UPDATE: BIOSECURITY Queensland is confident it has contained the potentially deadly Hendra virus in Queensland's Gold Coast hinterland.A horse became ill on Saturday at a property at Kerry.
It was returned home to nearby Biddaddaba, where it died on Sunday.
It wasn't known at the time of transfer that the horse had the virus.
It had come into contact, or was in the vicinity of eight people, as well as other five horses at Kerry and 25 horses at Biddaddaba.
The two properties are under quarantine; horses will not be allowed to leave but people can move about freely.
Initial blood samples have been taken of all people and five horses, with results due later this week.
The other 25 horses at Biddaddaba will have blood tests today.
Biosecurity Queensland chief veterinary officer Rick Symons said those affected are believed to have had a low to moderate level of exposure and so far none have shown any symptoms.
"At the moment we are happy that we have contained the disease," Dr Symons told reporters in Brisbane.
"The horses in the area, the other properties, we are aware that this is a big horse area, can feel confident the disease is under control."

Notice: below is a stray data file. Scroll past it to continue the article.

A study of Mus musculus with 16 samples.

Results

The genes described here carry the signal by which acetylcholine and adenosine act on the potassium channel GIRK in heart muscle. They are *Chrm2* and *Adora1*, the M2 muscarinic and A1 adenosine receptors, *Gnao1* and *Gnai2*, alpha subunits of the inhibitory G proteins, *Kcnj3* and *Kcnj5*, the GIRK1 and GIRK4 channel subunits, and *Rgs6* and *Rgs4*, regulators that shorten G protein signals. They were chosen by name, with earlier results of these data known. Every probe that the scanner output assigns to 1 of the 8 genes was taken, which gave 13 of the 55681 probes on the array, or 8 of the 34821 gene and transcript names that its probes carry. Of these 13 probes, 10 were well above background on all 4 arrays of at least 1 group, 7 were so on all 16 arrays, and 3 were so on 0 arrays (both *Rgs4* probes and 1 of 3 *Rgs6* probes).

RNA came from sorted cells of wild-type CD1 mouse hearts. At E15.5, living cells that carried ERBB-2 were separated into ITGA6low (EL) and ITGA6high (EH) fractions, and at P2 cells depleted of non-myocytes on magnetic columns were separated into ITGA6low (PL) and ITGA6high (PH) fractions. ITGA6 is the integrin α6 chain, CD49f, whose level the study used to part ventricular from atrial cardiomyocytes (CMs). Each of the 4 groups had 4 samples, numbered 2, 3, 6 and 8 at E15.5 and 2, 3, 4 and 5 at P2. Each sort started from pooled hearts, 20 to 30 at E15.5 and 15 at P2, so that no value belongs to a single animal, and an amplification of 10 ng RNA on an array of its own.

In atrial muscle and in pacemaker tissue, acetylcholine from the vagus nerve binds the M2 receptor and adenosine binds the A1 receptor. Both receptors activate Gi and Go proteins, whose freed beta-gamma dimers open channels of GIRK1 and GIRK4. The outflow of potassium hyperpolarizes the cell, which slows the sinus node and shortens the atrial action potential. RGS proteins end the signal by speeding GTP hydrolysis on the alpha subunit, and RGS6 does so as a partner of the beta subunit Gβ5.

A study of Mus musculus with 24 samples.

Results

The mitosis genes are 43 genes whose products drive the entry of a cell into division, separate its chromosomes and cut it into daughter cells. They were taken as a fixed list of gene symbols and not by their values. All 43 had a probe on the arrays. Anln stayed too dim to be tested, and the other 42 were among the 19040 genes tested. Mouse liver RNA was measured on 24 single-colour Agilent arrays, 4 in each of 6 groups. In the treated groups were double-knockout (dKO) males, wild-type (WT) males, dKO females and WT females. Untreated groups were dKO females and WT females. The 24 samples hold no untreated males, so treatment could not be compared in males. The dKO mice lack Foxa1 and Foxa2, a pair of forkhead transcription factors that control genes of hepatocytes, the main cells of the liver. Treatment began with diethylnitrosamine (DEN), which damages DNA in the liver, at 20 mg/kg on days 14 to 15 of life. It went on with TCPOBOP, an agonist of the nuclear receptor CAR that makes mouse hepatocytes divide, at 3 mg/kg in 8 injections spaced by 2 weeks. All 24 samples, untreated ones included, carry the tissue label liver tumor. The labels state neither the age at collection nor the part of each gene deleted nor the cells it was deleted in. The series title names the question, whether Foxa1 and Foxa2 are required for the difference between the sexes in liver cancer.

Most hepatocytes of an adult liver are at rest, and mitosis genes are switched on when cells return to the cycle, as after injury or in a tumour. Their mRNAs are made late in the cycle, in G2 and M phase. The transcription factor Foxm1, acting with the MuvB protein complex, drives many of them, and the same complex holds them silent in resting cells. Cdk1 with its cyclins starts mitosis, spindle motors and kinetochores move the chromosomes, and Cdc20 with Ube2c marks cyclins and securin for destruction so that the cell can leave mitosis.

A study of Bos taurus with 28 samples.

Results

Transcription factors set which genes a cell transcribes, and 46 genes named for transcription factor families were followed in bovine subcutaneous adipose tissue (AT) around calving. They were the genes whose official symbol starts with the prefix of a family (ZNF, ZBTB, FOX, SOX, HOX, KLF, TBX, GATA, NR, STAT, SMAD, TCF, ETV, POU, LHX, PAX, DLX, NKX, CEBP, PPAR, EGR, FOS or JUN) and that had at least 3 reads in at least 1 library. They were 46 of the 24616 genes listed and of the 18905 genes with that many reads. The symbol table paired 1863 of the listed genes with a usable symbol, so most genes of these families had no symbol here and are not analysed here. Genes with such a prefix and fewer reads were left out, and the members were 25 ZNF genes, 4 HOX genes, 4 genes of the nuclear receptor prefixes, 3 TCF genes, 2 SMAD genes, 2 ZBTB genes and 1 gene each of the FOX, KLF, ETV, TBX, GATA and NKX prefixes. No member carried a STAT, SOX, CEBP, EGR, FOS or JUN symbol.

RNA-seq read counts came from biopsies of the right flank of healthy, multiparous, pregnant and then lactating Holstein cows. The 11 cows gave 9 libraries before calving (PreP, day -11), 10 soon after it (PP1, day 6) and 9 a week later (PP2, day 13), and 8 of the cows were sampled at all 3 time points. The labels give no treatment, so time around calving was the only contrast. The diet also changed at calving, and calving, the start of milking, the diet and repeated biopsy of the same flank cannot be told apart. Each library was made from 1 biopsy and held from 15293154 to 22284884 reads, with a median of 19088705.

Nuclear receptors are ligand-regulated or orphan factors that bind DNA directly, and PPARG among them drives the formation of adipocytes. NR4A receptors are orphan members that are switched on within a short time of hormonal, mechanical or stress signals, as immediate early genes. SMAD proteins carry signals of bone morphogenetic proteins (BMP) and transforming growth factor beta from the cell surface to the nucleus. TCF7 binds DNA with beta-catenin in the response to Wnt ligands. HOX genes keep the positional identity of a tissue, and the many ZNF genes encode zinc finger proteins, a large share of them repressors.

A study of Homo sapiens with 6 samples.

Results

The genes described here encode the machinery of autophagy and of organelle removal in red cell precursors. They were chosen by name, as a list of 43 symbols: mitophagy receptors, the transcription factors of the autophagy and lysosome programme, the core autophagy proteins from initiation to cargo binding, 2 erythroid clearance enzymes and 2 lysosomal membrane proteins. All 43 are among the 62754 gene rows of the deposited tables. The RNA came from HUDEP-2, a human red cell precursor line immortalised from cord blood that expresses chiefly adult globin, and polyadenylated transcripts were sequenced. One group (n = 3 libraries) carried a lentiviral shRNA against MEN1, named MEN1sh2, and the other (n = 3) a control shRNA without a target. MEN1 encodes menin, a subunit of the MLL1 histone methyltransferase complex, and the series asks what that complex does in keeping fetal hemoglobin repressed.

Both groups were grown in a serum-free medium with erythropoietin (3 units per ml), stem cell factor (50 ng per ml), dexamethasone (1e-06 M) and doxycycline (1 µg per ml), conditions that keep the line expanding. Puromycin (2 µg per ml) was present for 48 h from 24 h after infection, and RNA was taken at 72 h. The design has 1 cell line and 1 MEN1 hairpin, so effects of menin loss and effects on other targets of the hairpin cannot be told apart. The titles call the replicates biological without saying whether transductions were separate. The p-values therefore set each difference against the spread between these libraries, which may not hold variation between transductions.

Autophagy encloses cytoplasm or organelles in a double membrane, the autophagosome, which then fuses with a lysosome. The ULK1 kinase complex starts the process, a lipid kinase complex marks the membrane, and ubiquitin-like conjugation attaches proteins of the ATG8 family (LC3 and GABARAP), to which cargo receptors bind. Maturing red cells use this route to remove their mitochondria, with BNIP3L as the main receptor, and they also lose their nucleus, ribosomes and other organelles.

A highly experimental treatment using monoclonal antibodies is available to help prevent hendra virus, but because those involved had low to moderate contact it is not being offered.
Second blood tests will be taken within 21 days and another test after six weeks, until everyone can be cleared.
Neighbours have been doorknocked but the likelihood of it spreading to nearby properties is minimal.
No other horses or people will be tested for the virus at this stage.
"It is not likely to spread from property to property without the movement of horses," Mr Symons said.
The bat-borne virus can spread among horses, who can in turn infect humans who come into close contact with their respiratory secretions or blood.
Bat researchers have investigated the Kerry property and found fig tree in bloom and flying foxes.
"That's the possible cause of transmission," Mr Symons said.